Associated Press Modified: October 4, 2010 at 2:39 pm •  Published: October 4, 2010

(RNS) South Dakota pastor Julius Badigo has long known that Christian discipleship is costly. For him, that cost is increasingly measured in dollars — to the tune of thousands per month.

Badigo lost his $2,200 monthly salary earlier this year when his church cut ties with the Evangelical Lutheran Church in America (ELCA), in protest of new denominational policies to allow non-celibate gay clergy and the blessing of same-sex unions.

Badigo's seminary coursework ended abruptly, too, when the ELCA stopped funding his tuition. Married with two children, he still leads Falls Community Church in Sioux Falls, but his only income is $70 per week from a part-time job as a security guard.

"I'm hoping to get my Master of Divinity degree, but I don't know how I'm going to pay for it now," Badigo said. "In the church, I'm the only pastor, but nobody's paying me, and we have a lot of bills ... That's why I'm just praying for God's help."

Parishes unhappy with the ELCA's new gay policies are exploring alternatives, such as switching to the more conservative North American Lutheran Church (NALC), which officially launched in August. Weighing options, however, includes counting what can be considerable costs — and determining how much they're willing to suffer for their convictions.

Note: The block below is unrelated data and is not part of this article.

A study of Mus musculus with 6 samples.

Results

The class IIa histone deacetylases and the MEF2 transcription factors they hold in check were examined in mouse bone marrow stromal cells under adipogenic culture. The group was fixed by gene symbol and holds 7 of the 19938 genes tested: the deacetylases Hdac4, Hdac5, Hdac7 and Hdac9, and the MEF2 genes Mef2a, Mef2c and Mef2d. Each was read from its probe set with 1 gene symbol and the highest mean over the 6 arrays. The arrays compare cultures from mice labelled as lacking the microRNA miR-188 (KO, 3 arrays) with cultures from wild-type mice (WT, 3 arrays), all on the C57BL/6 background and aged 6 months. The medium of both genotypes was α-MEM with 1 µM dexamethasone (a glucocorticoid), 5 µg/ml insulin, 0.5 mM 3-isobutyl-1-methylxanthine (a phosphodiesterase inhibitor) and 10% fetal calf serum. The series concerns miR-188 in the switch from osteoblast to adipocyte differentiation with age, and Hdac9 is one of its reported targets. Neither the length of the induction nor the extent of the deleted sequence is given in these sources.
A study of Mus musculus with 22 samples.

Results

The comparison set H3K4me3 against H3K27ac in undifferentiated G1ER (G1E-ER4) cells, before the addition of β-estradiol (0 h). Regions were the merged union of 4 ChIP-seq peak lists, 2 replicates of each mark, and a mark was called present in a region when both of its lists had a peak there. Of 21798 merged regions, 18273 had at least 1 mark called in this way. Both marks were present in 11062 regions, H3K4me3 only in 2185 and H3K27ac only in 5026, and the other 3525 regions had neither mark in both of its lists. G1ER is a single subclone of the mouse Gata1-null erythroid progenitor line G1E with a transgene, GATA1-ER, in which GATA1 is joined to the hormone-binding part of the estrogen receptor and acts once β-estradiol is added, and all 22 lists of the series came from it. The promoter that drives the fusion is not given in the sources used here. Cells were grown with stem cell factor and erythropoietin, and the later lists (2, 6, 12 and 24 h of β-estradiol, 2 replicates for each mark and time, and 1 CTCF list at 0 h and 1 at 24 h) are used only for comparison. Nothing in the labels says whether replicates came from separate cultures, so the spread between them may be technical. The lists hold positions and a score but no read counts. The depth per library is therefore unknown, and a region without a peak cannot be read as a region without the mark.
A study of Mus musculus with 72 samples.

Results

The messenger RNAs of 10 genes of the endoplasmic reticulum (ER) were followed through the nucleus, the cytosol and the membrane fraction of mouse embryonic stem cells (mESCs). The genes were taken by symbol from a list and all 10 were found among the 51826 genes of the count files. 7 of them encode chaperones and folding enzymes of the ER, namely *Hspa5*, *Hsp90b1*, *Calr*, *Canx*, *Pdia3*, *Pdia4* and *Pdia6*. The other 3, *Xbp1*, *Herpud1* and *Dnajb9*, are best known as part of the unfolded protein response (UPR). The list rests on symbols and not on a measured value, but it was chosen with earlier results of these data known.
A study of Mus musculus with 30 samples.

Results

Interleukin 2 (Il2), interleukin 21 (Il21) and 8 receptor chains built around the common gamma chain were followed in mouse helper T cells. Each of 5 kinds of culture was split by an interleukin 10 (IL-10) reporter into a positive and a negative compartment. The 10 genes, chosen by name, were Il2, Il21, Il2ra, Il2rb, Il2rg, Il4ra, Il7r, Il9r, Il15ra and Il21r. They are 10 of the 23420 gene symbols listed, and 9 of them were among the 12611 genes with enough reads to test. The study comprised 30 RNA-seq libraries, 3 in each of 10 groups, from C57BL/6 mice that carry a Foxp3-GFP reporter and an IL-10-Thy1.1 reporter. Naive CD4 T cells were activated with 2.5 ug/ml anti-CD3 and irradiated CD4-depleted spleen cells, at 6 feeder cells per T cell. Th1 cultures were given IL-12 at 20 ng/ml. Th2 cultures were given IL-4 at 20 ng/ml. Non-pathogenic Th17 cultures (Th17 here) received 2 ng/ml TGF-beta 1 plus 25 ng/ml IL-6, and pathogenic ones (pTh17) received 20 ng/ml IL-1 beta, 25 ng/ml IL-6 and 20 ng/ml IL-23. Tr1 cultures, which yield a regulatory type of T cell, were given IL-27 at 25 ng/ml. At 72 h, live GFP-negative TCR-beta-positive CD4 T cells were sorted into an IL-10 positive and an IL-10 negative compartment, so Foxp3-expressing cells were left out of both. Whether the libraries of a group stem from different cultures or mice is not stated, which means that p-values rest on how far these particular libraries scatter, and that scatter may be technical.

Since the ELCA approved its policy switch in August 2009, 362 of its 10,000-plus congregations have voted to leave the denomination (some have not yet taken a requisite second vote).

Financial costs haven't always loomed large in congregational decisions since, unlike some other mainline denominations, the ELCA lets a congregation retain its building if it joins up with another recognized Lutheran denomination, such as the NALC.

Even so, some Lutheran parishes are debating whether the price of separation from the ELCA is worthwhile. And for fledgling congregations — including the ELCA's 105 mission churches that serve African immigrants in the United States — financial issues play an important role as well.

Most of the ELCA's African mission churches in the U.S. don't own buildings and depend on ELCA financial support to pay pastors and fund outreach programs. Yet all 105 strongly oppose the ELCA's new policies, according to Jordan Long, a pastor in Rochester, N.Y., who directs African ministries for Lutheran CORE, the group orchestrating the NALC launch.

"I know a lot of congregations that are stuck," Long said. "It's not because they support the resolution (on gay clergy and same-sex blessings), but because they are afraid of the consequences" if they leave the ELCA.